The Butterfly Effect – A Q&A with Tina Aponte

“Each smallest act of kindness reverberates across great distances and spans of time, affecting lives unknown to the one whose generous spirit was the source of this good echo…” ― Dean Koontz

The Butterfly Effect – A Q&A with Tina Aponte

“Each smallest act of kindness reverberates across great distances and spans of time, affecting lives unknown to the one whose generous spirit was the source of this good echo…” ― Dean Koontz

Before we got to spend any substantial time together, it was apparent that Tina Aponte, Managing Director of Zambia’s Royal Chundu, was one such spirit; that she was at the centre of something much larger than the lodge itself. There was a Butterfly Effect at play and the more I learnt about her the more I began to realise that she was the butterfly, at least one of the good ones.

It was apparent in the words and faces of the people of Mushewka, the local community I met on my first visit to her family’s lodge on a private stretch of the Zambezi River. “Mamma Tina,” they called her. They spoke of her constantly, with adoration and gratitude, giving me insight into a side of Tina that she, as the humble sort, would never communicate.

Tina Aponte : Royal Chundu in Zambia

The Mothers of Mushekwa spoke of how much their lives had changed since Tina took over the lodge. How things had improved through Tina’s generosity and the community projects she initiated on their riverbank – such as the Royal Chundu school, the guided community tour for guests, the employment and training of locals at the lodge, the financing of the community vegetable garden by providing seeds and purchasing produce, and the support of local fishermen.

The more time I spend with Mamma Tina the more I can discern the effect in my own life. Her Butterfly Effect cannot be stopped, each kind act has taken on a life of its own. Her belief in the goodness of individuals impels those she meets to prove her right. (She’ll attribute it to the calm of the Zambezi River.) But it’s the simple art of compassion at work here and it’s what fuels everything she touches – including Royal Chundu.

For Women’s Month – celebrated this August in South Africa – we’re featuring Mamma Tina, to offer you insight into the inspiration we’ve been lucky enough to encounter.

Discover more in our short Q&A below.

Tamlin Wightman: Happy women's month from us at Relais & Châteaux Africa. What does being a woman mean to you?

Tina Aponte: Living and working in rural Africa, the role of women in the community is awe-inspiring. Women are the nurturers, gatherers, water-carriers, educators, disciplinarians, housekeepers, babysitters, farmers, and so the list goes on and always with a smile and never with a complaint of any kind. Women hold the communities together and that is the lesson I’ve learnt, in that the sense of community is set and nurtured by the women wholly – they weave the fabric of family and community together and always with grace and joy. I aspire to do the same through their example.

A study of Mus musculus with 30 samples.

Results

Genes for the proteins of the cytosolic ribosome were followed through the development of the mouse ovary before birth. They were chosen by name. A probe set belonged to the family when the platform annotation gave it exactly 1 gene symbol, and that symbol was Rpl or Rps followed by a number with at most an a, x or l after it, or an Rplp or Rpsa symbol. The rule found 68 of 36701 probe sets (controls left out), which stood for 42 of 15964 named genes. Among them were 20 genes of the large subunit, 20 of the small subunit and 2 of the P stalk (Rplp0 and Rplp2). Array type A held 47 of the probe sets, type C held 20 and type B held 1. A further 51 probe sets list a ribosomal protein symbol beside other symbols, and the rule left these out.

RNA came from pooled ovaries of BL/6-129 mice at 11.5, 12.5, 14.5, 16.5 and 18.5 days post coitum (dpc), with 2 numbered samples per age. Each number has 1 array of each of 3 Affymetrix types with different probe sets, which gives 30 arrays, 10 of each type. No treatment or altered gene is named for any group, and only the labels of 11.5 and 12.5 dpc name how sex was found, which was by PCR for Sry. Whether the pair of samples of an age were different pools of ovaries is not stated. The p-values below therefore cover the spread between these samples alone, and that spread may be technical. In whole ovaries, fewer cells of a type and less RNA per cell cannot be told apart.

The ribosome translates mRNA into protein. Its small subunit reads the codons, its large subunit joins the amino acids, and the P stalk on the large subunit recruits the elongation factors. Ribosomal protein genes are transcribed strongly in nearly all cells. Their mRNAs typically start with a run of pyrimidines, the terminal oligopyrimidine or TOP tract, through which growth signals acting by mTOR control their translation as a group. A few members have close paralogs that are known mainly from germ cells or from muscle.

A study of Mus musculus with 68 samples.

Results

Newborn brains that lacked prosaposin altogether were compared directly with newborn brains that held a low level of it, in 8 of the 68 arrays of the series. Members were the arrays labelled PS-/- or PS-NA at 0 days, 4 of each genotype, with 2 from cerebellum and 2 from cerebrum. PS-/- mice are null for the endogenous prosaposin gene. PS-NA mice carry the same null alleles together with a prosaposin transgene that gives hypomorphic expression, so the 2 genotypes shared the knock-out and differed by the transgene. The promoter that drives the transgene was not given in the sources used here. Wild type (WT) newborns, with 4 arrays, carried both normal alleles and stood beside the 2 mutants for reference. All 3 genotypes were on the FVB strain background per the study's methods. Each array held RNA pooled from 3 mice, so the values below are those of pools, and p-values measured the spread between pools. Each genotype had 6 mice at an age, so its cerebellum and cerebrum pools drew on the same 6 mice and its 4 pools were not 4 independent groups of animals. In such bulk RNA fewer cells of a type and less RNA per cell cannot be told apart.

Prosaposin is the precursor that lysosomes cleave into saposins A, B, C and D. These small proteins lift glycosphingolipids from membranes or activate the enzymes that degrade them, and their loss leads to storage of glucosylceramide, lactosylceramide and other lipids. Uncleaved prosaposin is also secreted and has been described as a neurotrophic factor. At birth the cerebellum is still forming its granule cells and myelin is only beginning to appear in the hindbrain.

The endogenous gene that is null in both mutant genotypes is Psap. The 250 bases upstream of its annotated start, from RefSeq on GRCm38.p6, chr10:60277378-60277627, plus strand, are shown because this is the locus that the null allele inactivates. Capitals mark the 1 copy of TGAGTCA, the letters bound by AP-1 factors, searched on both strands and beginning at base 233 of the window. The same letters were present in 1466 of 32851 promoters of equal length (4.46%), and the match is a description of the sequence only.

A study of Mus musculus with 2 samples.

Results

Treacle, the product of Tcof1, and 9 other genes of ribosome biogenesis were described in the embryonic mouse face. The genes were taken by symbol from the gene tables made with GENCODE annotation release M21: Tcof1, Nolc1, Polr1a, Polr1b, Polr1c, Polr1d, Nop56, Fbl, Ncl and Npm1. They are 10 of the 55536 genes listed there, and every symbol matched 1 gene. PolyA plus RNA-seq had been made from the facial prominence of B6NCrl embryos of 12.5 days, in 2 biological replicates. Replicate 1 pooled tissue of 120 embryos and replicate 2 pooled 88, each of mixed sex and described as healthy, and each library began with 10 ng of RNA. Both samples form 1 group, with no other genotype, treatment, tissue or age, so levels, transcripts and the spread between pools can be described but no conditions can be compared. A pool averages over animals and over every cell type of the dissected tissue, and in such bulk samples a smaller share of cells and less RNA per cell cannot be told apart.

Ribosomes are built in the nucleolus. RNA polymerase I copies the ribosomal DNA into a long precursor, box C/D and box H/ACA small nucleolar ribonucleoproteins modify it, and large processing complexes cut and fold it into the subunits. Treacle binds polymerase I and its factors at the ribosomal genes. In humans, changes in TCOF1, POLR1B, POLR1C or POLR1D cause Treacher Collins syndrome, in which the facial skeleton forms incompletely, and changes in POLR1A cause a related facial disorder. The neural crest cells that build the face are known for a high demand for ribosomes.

“It has been said that something as small as the flutter of a butterfly’s wing can ultimately cause a typhoon halfway around the world – Chaos Theory.” – The Butterfly Effect

Royal Chundu Chef, Sungani Phiri and Tina

TW: As someone who travels a lot for work and play, name 5 things travel has taught you about yourself, life and love?

TA: I adore the saying, “Who lives sees much, who travels sees more.” Never a truer word spoken! Travelling opens your mind to new scenery, new cultures, new cuisines, new mindsets. If the limits of our language are the limits of our mind then the same must hold true to our environments and situations limiting us too. Travelling teaches us to expand all that we know and gives us a new language to view the world by, in my opinion. I’ve been so fortunate to travel as part of my job but my best travelling is always done with my two boys, as seeing the world through their eyes ensures that I keep looking at the world with new eyes too.

“It used to be thought that the events that changed the world were things like big bombs, maniac politicians, huge earthquakes, or vast population movements, but it has now been realized that this is a very old-fashioned view held by people totally out of touch with modern thought. The things that really change the world, according to Chaos theory, are the tiny things. A butterfly flaps its wings in the Amazonian jungle, and subsequently a storm ravages half of Europe.” ― Neil Gaiman

TW: Where are yoy most at home/at peace? And why?

TA: I try to find peace wherever I am – I know that sounds trite but it’s true. However, I am also very lucky to usually find myself most of the time on a boat in the middle of the Zambezi watching the sun set, elephants drinking on the banks, hippos snorting in the water in front of me and a fresh, cold Gin & Tonic in my hand! Who couldn’t find peace or feel at home there?

TW: Final wise words you’d share with the younger you if you could?
TA: Have babies younger and have lots more! Family is everything to me and my biggest love affair has been my children – who knew that the heart could expand so much? Imagine having even more!